Award-grabbing British/Indian film exuberantly entertaining
Slumdog Millionaire has been widely celebrated as a vivaciously entertaining rags-to-riches tale, and it has already copped a truckload of awards, including the Golden Globe for best drama, and 10 Oscar nominations. All that may come partly as a surprise—especially given that the picture in question recounts the rather brutal travails of a Mumbai slum kid who vaults into improbable wealth (and a bit of undeserved notoriety) via India’s version of Who Wants to Be a Millionaire?
But the new film from Danny Boyle (A Shallow Grave, Trainspotting, etc.) is indeed a thumpingly effective crowd-pleaser, and a stingingly offbeat saga as well. The “rags-to-riches” tag misses part of the overall point, however: Slumdog has energetic charm and a streak of romance that hurtles toward an ostensibly happy ending, but it’s also carrying a load of disturbing complications and assorted harsh ironies along the way.
Perhaps the most interesting of these complications is that there are two “slumdog millionaires” in the film—Jamal, the teenaged slum kid, is one, but the quiz show’s host Prem Kumar (Anil Kapoor, in the film’s most distinctive performance) emerges as another—in ways that prove crucial to a couple of major plot twists. And Jamal’s success story is shadowed throughout by the parallel career of his slightly older brother Salim, whose own hardscrabble industriousness and daring produce far less happy results.
The story’s mildly preposterous premises seem overly evident at the outset, and Boyle’s fractured MTV-style montage approach is merely annoying at first. But as the story builds increasingly credible interest, the slam-bang style and an elaborate flashback structure combine on behalf of the production’s own peculiar internal logic: part raw realism, part picaresque romance.
In the film’s present-tense action, Jamal is on the verge of facing the show’s 20-million-rupee question. But much of the film’s action is taken up with a series of flashbacks to Jamal’s earlier life, with each episode dramatizing the events by which he gained the specific knowledge that permits him to answer particular questions on the show. And that’s not all: Those flashbacks also serve as ferocious commentaries on the world that the orphaned brothers have had to navigate—the India of grinding poverty and a globalized economy, the lingering caste/class system, the subculture of beggars and thieves in which whole generations are trapped in cycles of exploitation and abuse.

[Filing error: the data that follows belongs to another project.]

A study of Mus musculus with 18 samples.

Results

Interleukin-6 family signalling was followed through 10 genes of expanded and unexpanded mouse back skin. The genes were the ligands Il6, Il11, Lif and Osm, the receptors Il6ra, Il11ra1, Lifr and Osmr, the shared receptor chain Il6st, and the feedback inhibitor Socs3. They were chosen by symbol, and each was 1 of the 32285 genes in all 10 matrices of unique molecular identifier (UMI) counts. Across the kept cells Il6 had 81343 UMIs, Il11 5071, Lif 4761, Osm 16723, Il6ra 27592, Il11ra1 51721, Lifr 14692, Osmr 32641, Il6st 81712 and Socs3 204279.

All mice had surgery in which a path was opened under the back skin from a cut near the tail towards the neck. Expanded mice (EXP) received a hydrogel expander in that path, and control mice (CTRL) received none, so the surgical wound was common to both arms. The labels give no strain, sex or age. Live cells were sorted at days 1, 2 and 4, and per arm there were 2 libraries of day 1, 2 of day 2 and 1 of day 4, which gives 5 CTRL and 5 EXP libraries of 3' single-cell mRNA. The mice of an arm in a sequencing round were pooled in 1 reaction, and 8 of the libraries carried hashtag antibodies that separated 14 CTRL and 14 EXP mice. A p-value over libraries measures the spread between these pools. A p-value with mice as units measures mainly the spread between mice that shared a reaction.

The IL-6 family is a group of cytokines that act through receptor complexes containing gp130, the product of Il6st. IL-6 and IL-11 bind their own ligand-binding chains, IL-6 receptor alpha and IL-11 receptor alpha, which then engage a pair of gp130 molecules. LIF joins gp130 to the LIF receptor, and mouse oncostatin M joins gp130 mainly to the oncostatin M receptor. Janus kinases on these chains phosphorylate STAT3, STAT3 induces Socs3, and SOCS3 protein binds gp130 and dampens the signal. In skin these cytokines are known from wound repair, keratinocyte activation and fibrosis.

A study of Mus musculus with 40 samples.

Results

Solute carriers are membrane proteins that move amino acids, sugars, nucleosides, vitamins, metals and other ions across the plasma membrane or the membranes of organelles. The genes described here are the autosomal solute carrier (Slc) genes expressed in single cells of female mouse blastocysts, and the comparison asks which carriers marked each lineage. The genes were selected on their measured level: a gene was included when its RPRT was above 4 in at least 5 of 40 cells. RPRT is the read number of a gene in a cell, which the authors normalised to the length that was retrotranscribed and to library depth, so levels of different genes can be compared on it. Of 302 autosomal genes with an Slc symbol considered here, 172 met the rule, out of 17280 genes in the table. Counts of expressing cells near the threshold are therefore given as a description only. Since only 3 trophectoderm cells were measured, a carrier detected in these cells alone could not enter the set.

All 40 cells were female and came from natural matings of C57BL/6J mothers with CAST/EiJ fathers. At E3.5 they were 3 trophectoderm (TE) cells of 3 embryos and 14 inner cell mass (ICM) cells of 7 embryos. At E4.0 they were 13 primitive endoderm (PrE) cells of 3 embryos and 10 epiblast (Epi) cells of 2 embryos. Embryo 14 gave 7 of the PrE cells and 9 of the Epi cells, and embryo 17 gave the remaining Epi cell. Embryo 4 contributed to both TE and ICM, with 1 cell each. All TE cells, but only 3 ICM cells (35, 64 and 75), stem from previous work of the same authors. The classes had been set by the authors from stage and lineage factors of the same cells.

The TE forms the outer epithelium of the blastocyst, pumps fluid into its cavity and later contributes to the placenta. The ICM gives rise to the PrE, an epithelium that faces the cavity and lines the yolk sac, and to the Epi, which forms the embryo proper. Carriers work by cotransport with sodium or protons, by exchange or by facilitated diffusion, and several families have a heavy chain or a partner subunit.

Each of the main younger characters—Jamal, Salim and their precociously adored sweetheart Latika—are played by three actors at different ages (very young, pre-adolescent, teenaged), all to appealing effect, but with the teen performers—Dev Patel, Madhur Mittal, and Freida Pinto, respectively—making the strongest and most engaging impressions. Each of them is a kind of stock figure in the film’s spectacularly beleaguered brand of romance, and the more intriguing and nuanced characterizations are left to the older actors playing the variously compromised figures of adult authority—Kapoor’s boldly ambiguous exuberance in particular, but also (albeit to less extent) Irrfan Khan and Saurabh Shukla as Jamal’s grimly perplexed police interrogators.
One of the story’s most corrosive ironies has to do with an implication of the mass media (television and the movies alike) as key players in the societal game and blood-sport of exploitation and opportunism. I’m not sure that Boyle’s gimped-up style permits full recognition on this point, but it’s still to his credit that such matters remain present, even if only as part of this exuberantly sweet-and-sour movie’s peculiarly pungent aftertaste.